The April suicide of Angela Mtambu’s 23-year-old son, Mitchell Gwatida, who killed himself by asphyxiation in the Mtambu’s East Greenbush, New York, townhome, not far from Albany, was more than the mother could bear. Worried about her surviving children, officials committed Angela to a Pennsylvania mental institution for nearly three weeks as she tried to overcome her grief. Following her psychological evaluations and release, Angela was allowed to return home and to her two daughters, six-year-old Kutenda and nine-year-old Cara.
But on July 1, after only a week at home and reunited with her daughters, police say that Angela locked herself and her daughters in her home’s bedroom and killed herself and her two young children in an apparent murder-suicide, according to a report from Newsday. East Greenbush Police Chief Christopher Lavin said that after his officers broke into the locked bedroom, they discovered the three unconscious and near death. More than one tank of odorless nitrogen gas was in the room and emitting the deadly gas. The mother and daughters were reportedly found with plastic bags over their heads.
Responders felt the noxious effects from the high levels of gas in the room, but weren’t injured. Rescuers performed CPR on the 47-year-old mom and her two daughters for a half hour. Angela, Kutenda and Cara were all transported to the Albany Medical Center where they later died from exposure to the nitrogen gas.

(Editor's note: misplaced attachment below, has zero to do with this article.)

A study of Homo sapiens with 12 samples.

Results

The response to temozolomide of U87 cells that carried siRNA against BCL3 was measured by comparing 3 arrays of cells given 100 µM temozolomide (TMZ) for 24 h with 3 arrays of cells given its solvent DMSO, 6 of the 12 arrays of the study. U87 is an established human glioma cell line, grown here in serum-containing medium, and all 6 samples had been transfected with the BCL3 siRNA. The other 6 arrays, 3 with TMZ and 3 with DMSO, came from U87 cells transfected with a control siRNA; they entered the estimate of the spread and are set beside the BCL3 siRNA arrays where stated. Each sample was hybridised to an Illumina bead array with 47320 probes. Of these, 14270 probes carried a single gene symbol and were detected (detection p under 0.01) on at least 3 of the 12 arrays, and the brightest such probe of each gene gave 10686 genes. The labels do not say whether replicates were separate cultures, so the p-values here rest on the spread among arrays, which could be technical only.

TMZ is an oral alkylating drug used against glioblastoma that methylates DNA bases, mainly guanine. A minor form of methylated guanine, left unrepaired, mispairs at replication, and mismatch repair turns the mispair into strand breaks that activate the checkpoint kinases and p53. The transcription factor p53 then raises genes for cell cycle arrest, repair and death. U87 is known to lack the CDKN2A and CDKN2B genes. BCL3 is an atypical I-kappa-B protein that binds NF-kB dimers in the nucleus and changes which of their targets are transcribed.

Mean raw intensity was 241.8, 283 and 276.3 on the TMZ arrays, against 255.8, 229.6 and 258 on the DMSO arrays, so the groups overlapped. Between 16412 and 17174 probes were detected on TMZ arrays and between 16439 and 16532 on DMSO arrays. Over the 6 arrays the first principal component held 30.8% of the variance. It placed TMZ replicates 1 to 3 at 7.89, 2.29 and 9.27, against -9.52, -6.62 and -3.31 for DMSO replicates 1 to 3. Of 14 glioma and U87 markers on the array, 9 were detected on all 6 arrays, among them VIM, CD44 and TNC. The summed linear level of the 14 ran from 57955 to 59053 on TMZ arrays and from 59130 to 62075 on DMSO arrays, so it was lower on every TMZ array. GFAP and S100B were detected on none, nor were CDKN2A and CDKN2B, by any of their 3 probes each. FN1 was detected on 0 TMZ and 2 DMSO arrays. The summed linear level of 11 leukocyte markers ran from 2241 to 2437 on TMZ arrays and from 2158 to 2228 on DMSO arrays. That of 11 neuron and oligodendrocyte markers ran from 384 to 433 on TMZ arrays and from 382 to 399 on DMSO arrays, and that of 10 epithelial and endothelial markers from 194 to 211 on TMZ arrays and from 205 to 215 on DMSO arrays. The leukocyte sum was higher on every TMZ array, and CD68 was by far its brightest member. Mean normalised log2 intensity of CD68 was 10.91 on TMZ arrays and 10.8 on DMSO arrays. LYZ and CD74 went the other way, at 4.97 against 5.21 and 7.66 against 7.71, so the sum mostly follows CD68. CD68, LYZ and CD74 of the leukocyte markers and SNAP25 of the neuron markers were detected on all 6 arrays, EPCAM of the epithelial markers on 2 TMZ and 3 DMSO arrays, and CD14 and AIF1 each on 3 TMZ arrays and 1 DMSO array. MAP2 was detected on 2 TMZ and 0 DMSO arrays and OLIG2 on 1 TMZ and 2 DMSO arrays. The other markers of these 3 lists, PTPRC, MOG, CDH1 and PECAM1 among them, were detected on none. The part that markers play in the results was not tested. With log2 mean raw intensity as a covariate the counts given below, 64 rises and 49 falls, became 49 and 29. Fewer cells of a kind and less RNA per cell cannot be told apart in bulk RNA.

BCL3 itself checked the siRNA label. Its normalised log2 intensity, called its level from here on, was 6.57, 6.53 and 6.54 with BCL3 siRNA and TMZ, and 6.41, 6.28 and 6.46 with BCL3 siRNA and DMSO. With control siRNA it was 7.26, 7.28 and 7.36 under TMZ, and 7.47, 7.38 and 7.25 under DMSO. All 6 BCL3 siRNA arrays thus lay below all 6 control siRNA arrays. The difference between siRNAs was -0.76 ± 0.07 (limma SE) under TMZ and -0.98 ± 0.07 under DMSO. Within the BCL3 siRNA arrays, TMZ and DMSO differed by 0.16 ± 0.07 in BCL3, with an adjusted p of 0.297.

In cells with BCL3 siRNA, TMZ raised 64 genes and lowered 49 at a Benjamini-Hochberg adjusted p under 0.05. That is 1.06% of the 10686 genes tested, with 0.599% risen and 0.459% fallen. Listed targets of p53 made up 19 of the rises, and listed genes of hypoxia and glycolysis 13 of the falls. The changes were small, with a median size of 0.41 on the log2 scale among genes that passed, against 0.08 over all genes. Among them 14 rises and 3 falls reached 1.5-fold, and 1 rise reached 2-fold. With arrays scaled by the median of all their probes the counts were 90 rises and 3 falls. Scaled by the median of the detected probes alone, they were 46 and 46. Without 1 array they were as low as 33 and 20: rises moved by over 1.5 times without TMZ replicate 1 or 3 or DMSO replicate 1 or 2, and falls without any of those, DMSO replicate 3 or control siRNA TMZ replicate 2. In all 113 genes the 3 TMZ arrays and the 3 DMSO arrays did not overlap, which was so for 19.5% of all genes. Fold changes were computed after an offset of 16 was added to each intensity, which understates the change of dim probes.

Angela was a traveling nurse from Texas who had owned her townhouse in East Greenbush for the past 12 years. Angela’s brother, Bernard Pamberi, told reporters gathered outside of the home that he didn’t foresee the murder-suicide. He had spent the day before with Angela and the girls and didn’t witness any irregular behavior or hints of the tragedy to come, according to Syracuse.com.
"We spent the whole day, yesterday, with the children, and they went to Hoffman Park," Pamberi said on Tuesday.
"We went for dinner at Applebee's restaurant. We took them for ice cream at the fun plex."
In the early morning hours of Tuesday, July 1, Pamberi and another brother fortunately awoke to the sound of the nitrogen gas hissing from those two 30 gallon tanks. In addition to locking her bedroom door, Angela also locked her two brothers inside their bedroom. The two brothers managed to escape from their room, but couldn’t get into Angela’s bedroom. Pamberi dialed 911 around 1:45 a.m.
"When they crashed down the door, there she was, you know, with the children with the plastic bags and the two tanks there," Pamberi told reporters.
"I just think she couldn't take it," the woman's brother, Bernard Pamberi, told reporters outside the home as he fought back tears.
Newsday reported the names of the daughters as Callidora and Eudora Thurston. Autopsies on Angela and her two girls are expected to be performed today, July 2. Police in East Greenbush say that the father of the girls has been notified.